1. You need authorization. Before starting down the road of doing a field blood transfusion you have to have authorization from your medical director and higher command. This battle can be tricky, especially on the conventional side, or places where the good news hasn't spread yet (Whole Blood is the resuscitative fluid of choice, and recommended by the overall authority on the matter; the Committee on Tactical Combat Casualty Care). There's a bunch of retards out there... which brings us to our next point:
2. Proper training. Anytime you are working with putting blood from one person to another it is a high-risk endeavor. The reason it is allowed in a field situation within our line of work is a very simple Risk vs. Reward equation. What is the worst thing that can happen if I don’t give the patient blood? He dies. The same answer goes for the question, what is the worst thing that can happen if I do give him blood?
When giving blood, if it is done improperly, or done without knowing 100% without a doubt the blood types of both donor and recipient, you stand a chance of having a life-threatening event. Proper training teaches you the steps leading up to, actions on, and corrective actions in case of a transfusion reaction. You have to have a thorough knowledge of the s/s of hemolytic reactions, anaphylactic reactions, and so on and so forth, as well as the drugs used to counteract these potential complications as they happen.
**Remember to use your resources. A great one is the Whole Blood Toolkit, by Next Generation Combat Medic.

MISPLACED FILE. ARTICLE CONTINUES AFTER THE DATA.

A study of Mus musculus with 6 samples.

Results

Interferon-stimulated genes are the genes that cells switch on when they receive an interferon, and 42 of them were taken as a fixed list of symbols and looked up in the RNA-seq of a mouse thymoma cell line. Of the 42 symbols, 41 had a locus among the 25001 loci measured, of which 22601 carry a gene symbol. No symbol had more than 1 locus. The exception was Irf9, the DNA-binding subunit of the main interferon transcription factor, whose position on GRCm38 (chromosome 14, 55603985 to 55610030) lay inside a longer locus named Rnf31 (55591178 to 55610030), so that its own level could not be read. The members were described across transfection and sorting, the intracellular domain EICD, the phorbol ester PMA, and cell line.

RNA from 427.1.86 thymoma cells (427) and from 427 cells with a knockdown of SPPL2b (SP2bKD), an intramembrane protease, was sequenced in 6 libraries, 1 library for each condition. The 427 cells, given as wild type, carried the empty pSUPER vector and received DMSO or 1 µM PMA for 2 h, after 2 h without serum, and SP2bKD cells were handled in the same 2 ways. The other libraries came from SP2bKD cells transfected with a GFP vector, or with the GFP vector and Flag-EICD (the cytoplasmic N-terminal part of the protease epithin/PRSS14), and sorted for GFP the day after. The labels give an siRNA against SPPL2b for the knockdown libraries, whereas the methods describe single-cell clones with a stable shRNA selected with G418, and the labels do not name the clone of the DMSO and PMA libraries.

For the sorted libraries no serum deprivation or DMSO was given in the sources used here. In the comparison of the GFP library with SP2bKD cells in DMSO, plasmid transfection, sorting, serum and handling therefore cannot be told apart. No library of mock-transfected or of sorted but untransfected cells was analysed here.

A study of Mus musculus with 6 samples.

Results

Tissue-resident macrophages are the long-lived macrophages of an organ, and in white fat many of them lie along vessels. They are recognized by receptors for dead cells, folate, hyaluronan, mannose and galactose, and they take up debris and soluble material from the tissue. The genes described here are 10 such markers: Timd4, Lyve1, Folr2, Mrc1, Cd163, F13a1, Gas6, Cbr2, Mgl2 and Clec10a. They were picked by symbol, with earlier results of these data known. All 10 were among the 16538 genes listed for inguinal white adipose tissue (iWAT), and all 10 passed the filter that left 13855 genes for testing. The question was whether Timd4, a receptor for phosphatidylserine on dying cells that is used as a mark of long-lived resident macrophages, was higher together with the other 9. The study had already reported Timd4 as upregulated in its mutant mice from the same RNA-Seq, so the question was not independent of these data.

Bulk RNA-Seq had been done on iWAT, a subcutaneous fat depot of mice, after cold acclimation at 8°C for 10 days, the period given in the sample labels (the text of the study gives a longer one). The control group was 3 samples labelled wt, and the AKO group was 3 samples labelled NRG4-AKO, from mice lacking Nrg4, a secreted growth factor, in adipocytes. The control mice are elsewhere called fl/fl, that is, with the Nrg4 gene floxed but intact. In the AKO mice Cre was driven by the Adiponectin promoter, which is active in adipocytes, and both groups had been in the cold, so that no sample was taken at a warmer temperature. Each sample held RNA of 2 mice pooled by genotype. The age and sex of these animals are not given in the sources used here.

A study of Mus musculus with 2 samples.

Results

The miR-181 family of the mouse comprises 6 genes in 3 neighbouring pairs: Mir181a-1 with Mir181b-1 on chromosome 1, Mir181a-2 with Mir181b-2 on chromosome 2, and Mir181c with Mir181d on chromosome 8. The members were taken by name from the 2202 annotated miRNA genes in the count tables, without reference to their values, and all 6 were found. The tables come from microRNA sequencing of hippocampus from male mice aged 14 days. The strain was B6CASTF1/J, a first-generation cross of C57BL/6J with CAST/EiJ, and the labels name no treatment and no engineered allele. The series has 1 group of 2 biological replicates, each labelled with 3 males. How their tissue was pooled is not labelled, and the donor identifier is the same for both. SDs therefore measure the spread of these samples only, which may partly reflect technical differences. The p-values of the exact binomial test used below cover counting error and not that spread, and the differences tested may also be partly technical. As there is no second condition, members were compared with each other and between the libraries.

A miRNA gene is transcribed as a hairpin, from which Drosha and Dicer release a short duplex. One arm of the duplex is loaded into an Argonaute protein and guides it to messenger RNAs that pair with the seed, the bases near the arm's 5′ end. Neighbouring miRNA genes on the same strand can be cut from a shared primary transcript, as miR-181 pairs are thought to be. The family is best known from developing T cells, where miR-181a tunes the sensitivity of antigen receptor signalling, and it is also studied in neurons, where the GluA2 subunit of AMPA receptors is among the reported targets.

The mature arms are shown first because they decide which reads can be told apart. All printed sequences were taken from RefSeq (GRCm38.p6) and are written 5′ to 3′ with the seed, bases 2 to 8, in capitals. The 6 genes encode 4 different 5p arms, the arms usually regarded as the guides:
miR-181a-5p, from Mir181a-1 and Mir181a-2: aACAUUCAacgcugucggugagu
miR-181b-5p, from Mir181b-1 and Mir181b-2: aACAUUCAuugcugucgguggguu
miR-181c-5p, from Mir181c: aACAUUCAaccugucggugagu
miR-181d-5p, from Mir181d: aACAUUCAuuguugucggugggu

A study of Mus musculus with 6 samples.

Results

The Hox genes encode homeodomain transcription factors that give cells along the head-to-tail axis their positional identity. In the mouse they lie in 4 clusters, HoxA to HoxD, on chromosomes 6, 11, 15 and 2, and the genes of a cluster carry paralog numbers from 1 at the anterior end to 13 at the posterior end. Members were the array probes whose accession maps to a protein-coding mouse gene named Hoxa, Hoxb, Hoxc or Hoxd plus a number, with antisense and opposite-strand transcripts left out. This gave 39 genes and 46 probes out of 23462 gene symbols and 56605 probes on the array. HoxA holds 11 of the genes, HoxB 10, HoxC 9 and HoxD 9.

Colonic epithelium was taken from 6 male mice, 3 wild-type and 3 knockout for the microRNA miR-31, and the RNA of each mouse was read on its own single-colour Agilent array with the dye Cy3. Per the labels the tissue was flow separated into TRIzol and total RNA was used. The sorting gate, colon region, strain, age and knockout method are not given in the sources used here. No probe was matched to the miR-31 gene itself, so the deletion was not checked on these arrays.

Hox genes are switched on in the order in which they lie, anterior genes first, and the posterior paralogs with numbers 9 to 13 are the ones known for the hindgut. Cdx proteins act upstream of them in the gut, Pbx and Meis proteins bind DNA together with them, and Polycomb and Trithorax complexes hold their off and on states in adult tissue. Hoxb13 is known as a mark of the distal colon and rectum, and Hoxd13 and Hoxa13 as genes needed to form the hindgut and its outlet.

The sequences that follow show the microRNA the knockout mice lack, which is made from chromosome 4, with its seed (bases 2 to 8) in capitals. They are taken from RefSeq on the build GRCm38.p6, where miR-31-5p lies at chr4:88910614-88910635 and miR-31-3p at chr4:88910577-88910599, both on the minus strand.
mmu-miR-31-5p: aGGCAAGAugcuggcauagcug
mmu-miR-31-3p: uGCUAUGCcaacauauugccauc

3. You’ll need appropriate supplies. At the minimum, you’ll need:
- Donor bags
- Filtered tubing
- Large bore catheters (16 preferred)
- Saline locks
- Fluid warmers
- Hemolytic/Anaphylaxis drugs
4. Titer testing. The Army and the Air Force have the ability to run specific titer testing for your O type blood. The Navy and Marine Corps team does not have the ability to pull blood tubes and send them in for testing. We have found a workaround through a mutually beneficial relationship with the local Armed Services Blood Program (ASBP). For those that do not know the ASBP, they are an organization that is organic to MTFs that holds blood drives around military bases and other government installations, and provide blood to all MTFs and deploying Units. We have worked a relationship here that works like this: We give them full units of blood to increase their stock, they turn around and test the blood for their titer level, blood type, and all pertinent blood born pathogens. After testing the OIC of the ASBP provides us with a list of all results including titer level for all units collected. We turn around and use that list as our primary donor list in the case we need to activate our walking blood bank. LTOWB (Low-titer group O) is the preferred universal donor, due to its low probability of hemolytic and anaphylactic reaction.
5. IMPORTANT: titers must be verified no more than 90 days prior to deployment. While deployed titer results are considered valid for 1 year.
6. If you have run through all of your pre-identified donors (Low-titer group O) it is possible to go type to type specific (A to A, B to B). If you haven’t done a full type-drive prior to deployment, you will need to use Eldon cards to type both donor and recipient prior to beginning transfusion.
Nobody should be doing this without authorization. Blood transfusions are a great tool for keeping a patient alive that otherwise wouldn’t survive, they are also potentially dangerous.
There are no cutting corners, if you have a program in place, or are in the process of building one, you have to be thorough and follow the protocols, to a “T.”
Our titer drives (that’s what we call when we send all of our O type guys in to give a unit and have their blood tested) might not work at alternate facilities, it will be up to you the medic/corpsman to create and nurture that relationship.
If you are unsure of something and don’t have the ability to ask or find out DO NOT DO IT!